February 20, 2013
A Boeing team led by Commercial Airplanes President Ray Conner is set to present details of its proposed near-term solution to the 787 battery issues to the FAA later this week, possibly as early as Feb. 21.
According to airline sources, Conner will present details of the manufacturers’ revised battery system directly to FAA Administrator Michael Huerta in Washington D.C. If the plans are accepted then Boeing is understood to have provisional plans in place to begin flight testing the modified system immediately, and for fleet-wide retrofit action which would enable the first 787 to return to service as early as mid-March.
However, given the high-profile nature of the battery probe, and the subsequent review of the FAA’s oversight in connection with the original certification of the 787, it is far from clear if the agency will even consider Boeing’s request until the National Transportation Safety Board has completed its investigation. The NTSB, and its Japanese counterpart, the JTSB, are still evaluating the root cause of multiple battery failures in early January which prompted a worldwide grounding of the 787 on Jan. 16.
Boeing, which revealed additional details of the aircraft’s battery and related electrical system features on Feb. 20, declines to comment on the upcoming appeal to the FAA or on reported details of the proposed interim battery modification. Without identifying specifics, Boeing says that details published last weekend in a local newspaper contain “significant errors and speculation.” The manufacturer adds it is “working tirelessly in cooperation with our customers and the appropriate regulatory and investigative authorities. Everyone is working to get to the answer as quickly as possible and good progress is being made.”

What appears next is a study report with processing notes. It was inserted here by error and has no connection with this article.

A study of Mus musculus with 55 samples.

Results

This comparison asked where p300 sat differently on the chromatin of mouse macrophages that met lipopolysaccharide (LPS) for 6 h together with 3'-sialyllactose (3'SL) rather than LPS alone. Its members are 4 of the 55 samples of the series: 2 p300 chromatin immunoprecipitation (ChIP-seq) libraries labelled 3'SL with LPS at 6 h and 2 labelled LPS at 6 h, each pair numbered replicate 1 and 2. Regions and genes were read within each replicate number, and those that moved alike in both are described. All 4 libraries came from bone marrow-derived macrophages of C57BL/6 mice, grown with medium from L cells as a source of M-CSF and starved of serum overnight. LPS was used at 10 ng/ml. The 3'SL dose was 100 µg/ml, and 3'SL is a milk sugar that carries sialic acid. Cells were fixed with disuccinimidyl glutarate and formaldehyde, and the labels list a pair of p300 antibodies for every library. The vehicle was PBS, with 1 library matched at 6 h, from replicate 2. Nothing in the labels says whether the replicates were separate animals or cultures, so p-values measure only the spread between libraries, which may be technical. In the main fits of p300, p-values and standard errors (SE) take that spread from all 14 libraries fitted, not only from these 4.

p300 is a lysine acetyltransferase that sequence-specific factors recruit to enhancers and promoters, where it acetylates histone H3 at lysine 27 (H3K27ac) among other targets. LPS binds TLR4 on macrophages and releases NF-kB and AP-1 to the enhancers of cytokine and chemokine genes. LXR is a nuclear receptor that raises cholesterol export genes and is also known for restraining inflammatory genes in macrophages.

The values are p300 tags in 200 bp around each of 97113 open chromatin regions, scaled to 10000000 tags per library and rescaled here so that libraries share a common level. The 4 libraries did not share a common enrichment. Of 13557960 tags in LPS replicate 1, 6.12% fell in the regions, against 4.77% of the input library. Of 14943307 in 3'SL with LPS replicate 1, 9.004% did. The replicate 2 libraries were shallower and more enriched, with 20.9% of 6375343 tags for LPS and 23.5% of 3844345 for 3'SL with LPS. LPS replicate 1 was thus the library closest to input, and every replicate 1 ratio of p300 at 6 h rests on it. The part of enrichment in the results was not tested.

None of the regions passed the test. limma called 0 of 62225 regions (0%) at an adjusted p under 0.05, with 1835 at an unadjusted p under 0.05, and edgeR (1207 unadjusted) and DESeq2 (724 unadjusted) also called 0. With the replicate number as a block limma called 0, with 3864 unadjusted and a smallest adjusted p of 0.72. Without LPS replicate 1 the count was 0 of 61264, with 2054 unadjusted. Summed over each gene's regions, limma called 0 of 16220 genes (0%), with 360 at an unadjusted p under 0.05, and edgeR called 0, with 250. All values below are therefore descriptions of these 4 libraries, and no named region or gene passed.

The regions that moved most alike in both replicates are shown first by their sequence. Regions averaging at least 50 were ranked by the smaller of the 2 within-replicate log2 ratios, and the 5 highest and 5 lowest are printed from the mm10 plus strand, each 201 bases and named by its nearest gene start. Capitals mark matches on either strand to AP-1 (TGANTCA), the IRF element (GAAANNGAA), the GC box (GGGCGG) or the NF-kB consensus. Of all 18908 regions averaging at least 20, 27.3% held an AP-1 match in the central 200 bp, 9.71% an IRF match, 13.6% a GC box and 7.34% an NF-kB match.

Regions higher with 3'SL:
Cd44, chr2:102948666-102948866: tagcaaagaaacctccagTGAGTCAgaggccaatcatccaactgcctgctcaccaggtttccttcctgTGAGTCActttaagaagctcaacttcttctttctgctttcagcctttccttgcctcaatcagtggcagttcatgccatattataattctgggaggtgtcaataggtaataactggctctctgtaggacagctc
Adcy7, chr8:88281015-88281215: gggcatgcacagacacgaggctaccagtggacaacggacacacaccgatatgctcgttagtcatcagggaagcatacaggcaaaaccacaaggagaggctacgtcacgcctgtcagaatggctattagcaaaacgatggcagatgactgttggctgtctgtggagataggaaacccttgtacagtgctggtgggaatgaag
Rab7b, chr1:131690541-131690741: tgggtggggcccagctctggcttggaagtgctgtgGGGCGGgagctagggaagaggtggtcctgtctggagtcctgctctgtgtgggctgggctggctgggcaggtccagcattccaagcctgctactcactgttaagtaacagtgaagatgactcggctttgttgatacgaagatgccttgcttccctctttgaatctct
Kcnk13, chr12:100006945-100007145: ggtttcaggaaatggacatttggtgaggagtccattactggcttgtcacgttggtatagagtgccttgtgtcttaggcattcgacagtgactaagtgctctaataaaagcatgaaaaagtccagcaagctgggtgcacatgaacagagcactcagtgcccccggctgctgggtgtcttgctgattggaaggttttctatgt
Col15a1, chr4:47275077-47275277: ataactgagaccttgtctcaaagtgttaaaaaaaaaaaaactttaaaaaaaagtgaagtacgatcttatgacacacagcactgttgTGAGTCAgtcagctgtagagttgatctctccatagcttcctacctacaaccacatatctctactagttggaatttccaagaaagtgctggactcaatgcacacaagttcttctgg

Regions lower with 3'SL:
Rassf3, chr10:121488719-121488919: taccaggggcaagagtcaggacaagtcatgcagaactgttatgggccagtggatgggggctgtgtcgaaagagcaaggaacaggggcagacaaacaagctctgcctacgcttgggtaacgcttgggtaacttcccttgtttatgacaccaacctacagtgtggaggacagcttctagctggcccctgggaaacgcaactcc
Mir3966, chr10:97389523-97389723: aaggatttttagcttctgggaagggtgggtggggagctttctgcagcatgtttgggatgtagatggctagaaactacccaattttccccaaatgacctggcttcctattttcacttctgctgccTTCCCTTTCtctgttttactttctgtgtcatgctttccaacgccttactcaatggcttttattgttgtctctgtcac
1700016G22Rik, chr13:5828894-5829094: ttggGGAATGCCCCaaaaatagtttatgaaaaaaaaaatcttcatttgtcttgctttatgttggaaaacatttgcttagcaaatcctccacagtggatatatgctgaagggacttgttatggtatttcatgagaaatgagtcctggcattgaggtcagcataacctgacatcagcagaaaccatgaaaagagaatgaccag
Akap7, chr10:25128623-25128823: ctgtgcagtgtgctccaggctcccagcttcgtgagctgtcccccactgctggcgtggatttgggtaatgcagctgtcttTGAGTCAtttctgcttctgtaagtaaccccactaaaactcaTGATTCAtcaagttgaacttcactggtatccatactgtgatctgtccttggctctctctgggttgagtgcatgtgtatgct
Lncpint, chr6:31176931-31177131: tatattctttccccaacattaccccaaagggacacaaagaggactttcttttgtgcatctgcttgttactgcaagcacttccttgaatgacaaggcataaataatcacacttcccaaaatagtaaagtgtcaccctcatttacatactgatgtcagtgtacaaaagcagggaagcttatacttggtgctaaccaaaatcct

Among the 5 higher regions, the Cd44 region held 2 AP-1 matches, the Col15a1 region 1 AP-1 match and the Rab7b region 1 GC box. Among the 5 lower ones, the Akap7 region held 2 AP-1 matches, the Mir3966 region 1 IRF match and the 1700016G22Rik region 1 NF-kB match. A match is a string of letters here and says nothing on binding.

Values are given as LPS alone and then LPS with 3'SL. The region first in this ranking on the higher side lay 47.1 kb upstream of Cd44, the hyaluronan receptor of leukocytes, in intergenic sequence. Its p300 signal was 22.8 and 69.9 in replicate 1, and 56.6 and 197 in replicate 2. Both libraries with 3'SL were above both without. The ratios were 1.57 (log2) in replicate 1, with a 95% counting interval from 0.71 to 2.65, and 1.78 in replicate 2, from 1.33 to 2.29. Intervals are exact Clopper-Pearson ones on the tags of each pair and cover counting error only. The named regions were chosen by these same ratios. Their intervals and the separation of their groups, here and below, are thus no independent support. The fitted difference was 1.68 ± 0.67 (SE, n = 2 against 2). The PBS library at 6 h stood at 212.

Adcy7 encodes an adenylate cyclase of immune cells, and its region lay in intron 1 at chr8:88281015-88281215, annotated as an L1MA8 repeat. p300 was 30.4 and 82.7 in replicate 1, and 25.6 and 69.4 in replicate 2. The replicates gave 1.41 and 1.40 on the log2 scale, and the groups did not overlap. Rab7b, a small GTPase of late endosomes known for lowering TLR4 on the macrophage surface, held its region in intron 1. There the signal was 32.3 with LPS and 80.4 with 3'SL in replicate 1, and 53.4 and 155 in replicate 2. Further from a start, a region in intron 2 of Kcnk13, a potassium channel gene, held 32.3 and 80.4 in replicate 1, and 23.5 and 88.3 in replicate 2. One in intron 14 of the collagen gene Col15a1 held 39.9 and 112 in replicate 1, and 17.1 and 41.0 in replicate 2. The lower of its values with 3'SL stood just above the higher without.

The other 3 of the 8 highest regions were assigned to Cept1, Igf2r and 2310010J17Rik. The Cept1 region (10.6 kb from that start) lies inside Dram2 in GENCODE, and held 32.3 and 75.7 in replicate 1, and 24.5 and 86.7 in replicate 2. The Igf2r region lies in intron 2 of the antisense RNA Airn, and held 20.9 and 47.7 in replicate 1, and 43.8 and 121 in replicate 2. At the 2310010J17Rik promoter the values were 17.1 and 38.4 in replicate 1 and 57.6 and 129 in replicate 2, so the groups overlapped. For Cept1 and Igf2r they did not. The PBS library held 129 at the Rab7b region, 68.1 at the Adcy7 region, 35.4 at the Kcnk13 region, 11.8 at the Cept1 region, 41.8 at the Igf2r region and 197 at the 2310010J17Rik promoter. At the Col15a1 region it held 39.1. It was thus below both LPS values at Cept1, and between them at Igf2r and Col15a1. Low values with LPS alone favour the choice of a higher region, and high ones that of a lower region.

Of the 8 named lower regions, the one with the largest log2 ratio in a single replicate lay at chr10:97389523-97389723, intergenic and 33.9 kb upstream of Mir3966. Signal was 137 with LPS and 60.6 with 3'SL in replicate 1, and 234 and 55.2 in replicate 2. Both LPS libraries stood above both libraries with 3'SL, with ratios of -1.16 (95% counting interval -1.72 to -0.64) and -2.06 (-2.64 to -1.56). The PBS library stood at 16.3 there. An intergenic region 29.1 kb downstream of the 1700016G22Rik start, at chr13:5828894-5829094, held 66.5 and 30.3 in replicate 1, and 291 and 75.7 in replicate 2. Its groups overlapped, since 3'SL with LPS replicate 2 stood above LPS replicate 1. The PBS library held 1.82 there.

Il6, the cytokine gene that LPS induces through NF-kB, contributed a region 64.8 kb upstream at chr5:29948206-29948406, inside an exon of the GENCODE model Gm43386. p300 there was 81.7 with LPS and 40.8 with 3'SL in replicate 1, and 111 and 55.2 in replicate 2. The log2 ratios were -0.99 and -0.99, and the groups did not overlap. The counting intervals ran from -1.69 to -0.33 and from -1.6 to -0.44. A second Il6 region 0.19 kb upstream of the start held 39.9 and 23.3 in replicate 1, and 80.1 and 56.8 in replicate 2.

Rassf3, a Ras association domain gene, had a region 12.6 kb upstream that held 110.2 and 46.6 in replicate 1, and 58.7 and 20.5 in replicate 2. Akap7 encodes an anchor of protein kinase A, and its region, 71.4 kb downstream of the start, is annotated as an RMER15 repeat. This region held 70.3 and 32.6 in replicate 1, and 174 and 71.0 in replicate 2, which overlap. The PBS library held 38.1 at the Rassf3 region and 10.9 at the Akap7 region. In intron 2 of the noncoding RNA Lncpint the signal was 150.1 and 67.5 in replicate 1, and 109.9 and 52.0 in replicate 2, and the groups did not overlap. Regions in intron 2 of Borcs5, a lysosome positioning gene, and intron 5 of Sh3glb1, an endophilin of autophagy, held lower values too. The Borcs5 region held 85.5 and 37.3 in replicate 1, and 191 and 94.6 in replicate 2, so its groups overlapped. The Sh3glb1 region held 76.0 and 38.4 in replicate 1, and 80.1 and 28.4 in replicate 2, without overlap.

Boeing’s bid for approval, which is based on developing a sturdy containment system and additional sensors, comes as investigators from the JTSB reveal that two cells in the second battery of the All Nippon Airways 787 that made an emergency landing at Takamatsu Airport on Jan. 16 were “swollen.” Although the emergency was prompted by problems with the main battery, which was badly damaged by burning electrolyte, the signs of apparent degradation were found in the auxiliary power unit battery located in the aft electrical/electronic equipment bay.
The JTSB says the APU battery was initially thought to be undamaged, but adds that subsequent tomographic scans revealed evidence of slight swelling. Officials, however, say that the probe remains focused on the causes of the original failure in the main battery.
Airlines meanwhile continue to make contingency plans to cover for the continued grounding of the 787. United Airlines expects the aircraft to remain out of service through March 30, while Air India expresses hope that the 787 will be back in operation by early April.